It's not a Cardinal spring training in Jupiter without an injury scare or roster shake. Usually, it happens within the first, and 2020 is no different.
Miles Mikolas couldn't even get through one throwing session before his forearm flared up, an injury that had received preventative measures before pitchers even reported. The PRP (platelet-rich plasma) injecton didn't do the trick, so Mikolas received another one this week, pushing his start of camp back 3-4 weeks. He is down officially with a flexor tendon strain, which is code word for "try not to think about Tommy John Surgery" around St. Louis.
For those who don't know what a PRP injection is meant to do, the general purpose of one is to accelerate the healing process of joints, tendons, and ligaments. It's like a morphine shot to a muscle strain, but stronger.
Since there's no crying in baseball over injured expensive pitchers, the beat goes on and Mike Shildt will have to call on one of his go-between arms or homegrown talents to fill the void. There are a few, because if there's one thing the Cardinals don't go small on, it's possible starting pitching.
Here are five pitchers who could pick up the slack while Mikolas heals. Since attaching a bionic arm to Chris Carpenter is out of the picture, let's keep our feet in realistic waters.
5) Daniel Ponce de Leon
Look, whenever an arm goes down, this guy's name will come up. It's like the gangster call sheet on a "Sopranos" set. Get me a Danny! Ponce de Leon has 12 career starts in the Majors along with 12 bullpen appearances, compiling a 3.31 ERA with 9.6 strikeouts recorded per nine innings. In 16 starts with Memphis last year, Ponce de Leon put up a 2.88 ERA in 84.1 innings.
Overall, the man has never been tagged for an ERA over 4.00 at the professional level. You have to go back to the NCAA back in 2013 with the Houston Cougars to find his 4.47 ERA. He can do the job and could be the right guy for a temporary spot. He's got extra cheese on his fastball (mid-90's) and mixes in a curveball (80 mph) and cutter (90 mph). Ponce de Leon doesn't jump off the page, but could the job for at least five starts.
4) Kwang Hyun Kim
The South Korean import was set for a bullpen role, but has started games overseas. He may not have much batting expertise, but as long as he collects outs, all would go well.
My feeling is John Mozeliak acquired him for possible starter-reliever back and forth duty, because that's how Mozeliak works. He's always preparing for injuries to his pitchers with depth. The 31-year-old almost made his MLB debut in 2014 with the San Diego Padres, but talks fell through. He missed 2017 with Tommy John, but came back a more accurate pitcher, walking few and getting less hard contact from hitters. There's the "who knows" factor with Kim due to the lack of MLB exposure, but if his post-TJ life is any indication, Kim could be a plus-pitcher for at least a season.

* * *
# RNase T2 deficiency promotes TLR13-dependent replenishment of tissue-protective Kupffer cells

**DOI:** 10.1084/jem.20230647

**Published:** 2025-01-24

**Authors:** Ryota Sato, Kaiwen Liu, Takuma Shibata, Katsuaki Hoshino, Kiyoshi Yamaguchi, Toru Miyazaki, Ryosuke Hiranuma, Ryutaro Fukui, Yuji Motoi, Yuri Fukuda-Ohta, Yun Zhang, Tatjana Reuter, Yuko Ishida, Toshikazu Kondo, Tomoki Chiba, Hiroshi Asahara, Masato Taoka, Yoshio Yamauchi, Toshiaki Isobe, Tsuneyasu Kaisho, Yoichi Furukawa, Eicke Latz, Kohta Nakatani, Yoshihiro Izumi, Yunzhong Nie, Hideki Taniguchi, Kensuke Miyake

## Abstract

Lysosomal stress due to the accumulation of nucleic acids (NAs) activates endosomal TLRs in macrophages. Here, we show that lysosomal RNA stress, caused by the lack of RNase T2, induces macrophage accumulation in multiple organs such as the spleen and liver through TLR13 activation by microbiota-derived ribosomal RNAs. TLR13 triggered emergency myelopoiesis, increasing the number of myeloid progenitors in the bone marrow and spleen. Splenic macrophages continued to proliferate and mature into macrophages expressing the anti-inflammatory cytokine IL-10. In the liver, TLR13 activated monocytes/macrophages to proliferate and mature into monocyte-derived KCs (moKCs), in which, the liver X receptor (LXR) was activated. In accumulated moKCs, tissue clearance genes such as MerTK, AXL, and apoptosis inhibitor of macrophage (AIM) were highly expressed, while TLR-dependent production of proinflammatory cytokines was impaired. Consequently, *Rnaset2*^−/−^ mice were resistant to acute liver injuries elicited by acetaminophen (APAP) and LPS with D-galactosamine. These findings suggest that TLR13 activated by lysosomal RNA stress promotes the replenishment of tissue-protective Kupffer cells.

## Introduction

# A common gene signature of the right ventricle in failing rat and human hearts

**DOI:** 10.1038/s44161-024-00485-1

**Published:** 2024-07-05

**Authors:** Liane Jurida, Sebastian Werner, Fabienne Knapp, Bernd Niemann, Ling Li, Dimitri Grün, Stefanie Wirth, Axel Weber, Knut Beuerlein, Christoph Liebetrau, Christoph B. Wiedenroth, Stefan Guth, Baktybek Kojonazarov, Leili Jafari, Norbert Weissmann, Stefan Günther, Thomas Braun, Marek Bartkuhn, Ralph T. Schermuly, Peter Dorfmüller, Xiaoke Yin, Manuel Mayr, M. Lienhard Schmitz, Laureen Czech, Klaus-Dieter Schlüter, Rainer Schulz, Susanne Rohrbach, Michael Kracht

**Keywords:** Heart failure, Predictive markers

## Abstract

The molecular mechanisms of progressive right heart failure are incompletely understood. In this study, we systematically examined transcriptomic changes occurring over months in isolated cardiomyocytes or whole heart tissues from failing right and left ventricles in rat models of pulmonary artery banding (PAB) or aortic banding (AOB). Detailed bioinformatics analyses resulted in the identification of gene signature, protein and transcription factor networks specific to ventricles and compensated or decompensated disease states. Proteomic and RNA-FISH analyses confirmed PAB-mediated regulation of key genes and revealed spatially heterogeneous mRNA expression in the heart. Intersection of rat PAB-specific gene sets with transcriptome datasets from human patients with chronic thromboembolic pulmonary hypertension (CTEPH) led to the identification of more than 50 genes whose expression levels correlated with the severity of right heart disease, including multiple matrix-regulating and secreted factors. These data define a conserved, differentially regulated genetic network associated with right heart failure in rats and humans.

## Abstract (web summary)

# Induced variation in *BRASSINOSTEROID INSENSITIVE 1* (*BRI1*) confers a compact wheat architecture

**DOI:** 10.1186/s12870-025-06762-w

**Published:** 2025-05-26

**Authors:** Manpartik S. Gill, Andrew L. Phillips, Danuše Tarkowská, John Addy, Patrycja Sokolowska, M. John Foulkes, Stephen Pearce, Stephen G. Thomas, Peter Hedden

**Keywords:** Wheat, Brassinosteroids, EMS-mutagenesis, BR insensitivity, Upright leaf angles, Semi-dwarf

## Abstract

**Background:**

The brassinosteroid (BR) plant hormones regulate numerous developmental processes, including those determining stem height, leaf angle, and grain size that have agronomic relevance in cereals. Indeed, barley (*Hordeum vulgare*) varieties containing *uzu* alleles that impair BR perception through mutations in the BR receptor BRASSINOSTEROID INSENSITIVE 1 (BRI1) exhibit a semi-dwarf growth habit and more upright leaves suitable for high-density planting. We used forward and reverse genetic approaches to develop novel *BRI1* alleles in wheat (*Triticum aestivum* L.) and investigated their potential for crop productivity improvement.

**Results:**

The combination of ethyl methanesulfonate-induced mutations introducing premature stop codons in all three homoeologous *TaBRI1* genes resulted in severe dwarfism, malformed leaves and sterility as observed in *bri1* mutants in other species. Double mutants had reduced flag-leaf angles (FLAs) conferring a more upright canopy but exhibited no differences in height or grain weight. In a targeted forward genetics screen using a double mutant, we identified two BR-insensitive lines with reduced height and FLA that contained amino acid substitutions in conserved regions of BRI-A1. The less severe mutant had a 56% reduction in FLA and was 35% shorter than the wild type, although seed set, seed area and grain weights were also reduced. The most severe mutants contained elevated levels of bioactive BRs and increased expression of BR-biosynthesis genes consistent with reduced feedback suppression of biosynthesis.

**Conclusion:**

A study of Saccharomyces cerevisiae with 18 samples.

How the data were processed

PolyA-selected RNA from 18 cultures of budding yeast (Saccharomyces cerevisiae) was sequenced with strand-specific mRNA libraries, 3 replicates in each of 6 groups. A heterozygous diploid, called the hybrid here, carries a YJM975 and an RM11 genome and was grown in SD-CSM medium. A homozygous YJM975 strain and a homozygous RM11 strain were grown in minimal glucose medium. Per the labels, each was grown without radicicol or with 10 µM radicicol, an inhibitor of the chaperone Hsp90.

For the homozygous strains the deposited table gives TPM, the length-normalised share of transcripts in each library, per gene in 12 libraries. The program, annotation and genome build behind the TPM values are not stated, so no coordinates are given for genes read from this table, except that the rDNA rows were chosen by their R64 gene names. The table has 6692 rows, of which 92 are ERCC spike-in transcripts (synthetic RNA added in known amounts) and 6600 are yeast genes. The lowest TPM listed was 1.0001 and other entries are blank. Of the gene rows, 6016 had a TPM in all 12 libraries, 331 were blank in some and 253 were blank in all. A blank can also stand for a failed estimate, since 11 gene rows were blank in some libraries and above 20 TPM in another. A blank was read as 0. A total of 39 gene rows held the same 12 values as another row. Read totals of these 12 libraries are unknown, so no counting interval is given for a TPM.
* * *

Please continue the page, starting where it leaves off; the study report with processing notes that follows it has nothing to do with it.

3) Ryan Helsley
While the kid has closer stuff, Helsley has stated a desire to start. The 25-year-old righthander nicknamed "Hellz Bellz" impressed last year, specifically in the playoffs.
In 36 starts between 2017 and 2018 spread out between Palm Beach, Springfield, and Memphis, Helsley offered up 19 quality starts. The 4.58 ERA in seven starts and 10 relief appearances in Memphis last year looks bad, but in previous seasons with more starts, Helsley put up better numbers. Here's the thing. Helsley struck out 73 batters in 74 innings between Memphis and St. Louis last year. He's got a big arm that could use some direction before he kicks into his upper 20's.
Now could be a chance to take a look, albeit a brief one, at Helsley's versatility. Usually, these things solves themselves rather quickly. Example: Mike Mayers. Could Helsley be a better fireman in the bullpen than a starter?
2) Jake Woodford
The guy whose name has been passed around the past couple of years whenever an injury took place is 23 years old and put up a 4.15 ERA with Memphis last year. Woodford's WHIP, strikeouts per nine, and overall ability looks fine on paper. That's it, the outlook is fine. He did walk 75 hitters in 151.1 innings last year, which is troublesome. 11 of the 26 starts were quality, and he held hitters to a .223 average. He is one of those depth guys who could become something more even if his overall arsenal doesn't blow you away.
1) Austin Gomber
Last year is one Gomber would like to forget. He was slated to get innings with St. Louis before a shoulder injury erased the majority of his season. He is fully healed now and looking to make a dent. Gomber made 11 starts in 2018 with the Cardinals, including an impressive August where he made six starts and compiled a 2.38 ERA and struck out 29 batters. Gomber had his fair share of struggles that year, putting up a high WHIP of 1.51 and never exactly keeping his feet on the ground, but for a seven start period from the end of July to August, Gomber showed what he could do. He's a crafty southpaw who should be #1 on the call sheet for an open slot. Use him or lose, Redbirds.
One of these guys will get the call when the season opens. Between now and then, you could see a competition unfold, one akin to the open tryout happening in left and possibly center field. This Cardinals team has one more question attached to it now heading into the end of February.
Who is closing games?
Who is playing left field?
Who is playing center field?
Who is the fifth starter?
It's not like there were upgrades during the season or anything, ladies and gentlemen. The Cardinals wanted to gamble on youth, and they surely will get their wish in 2020.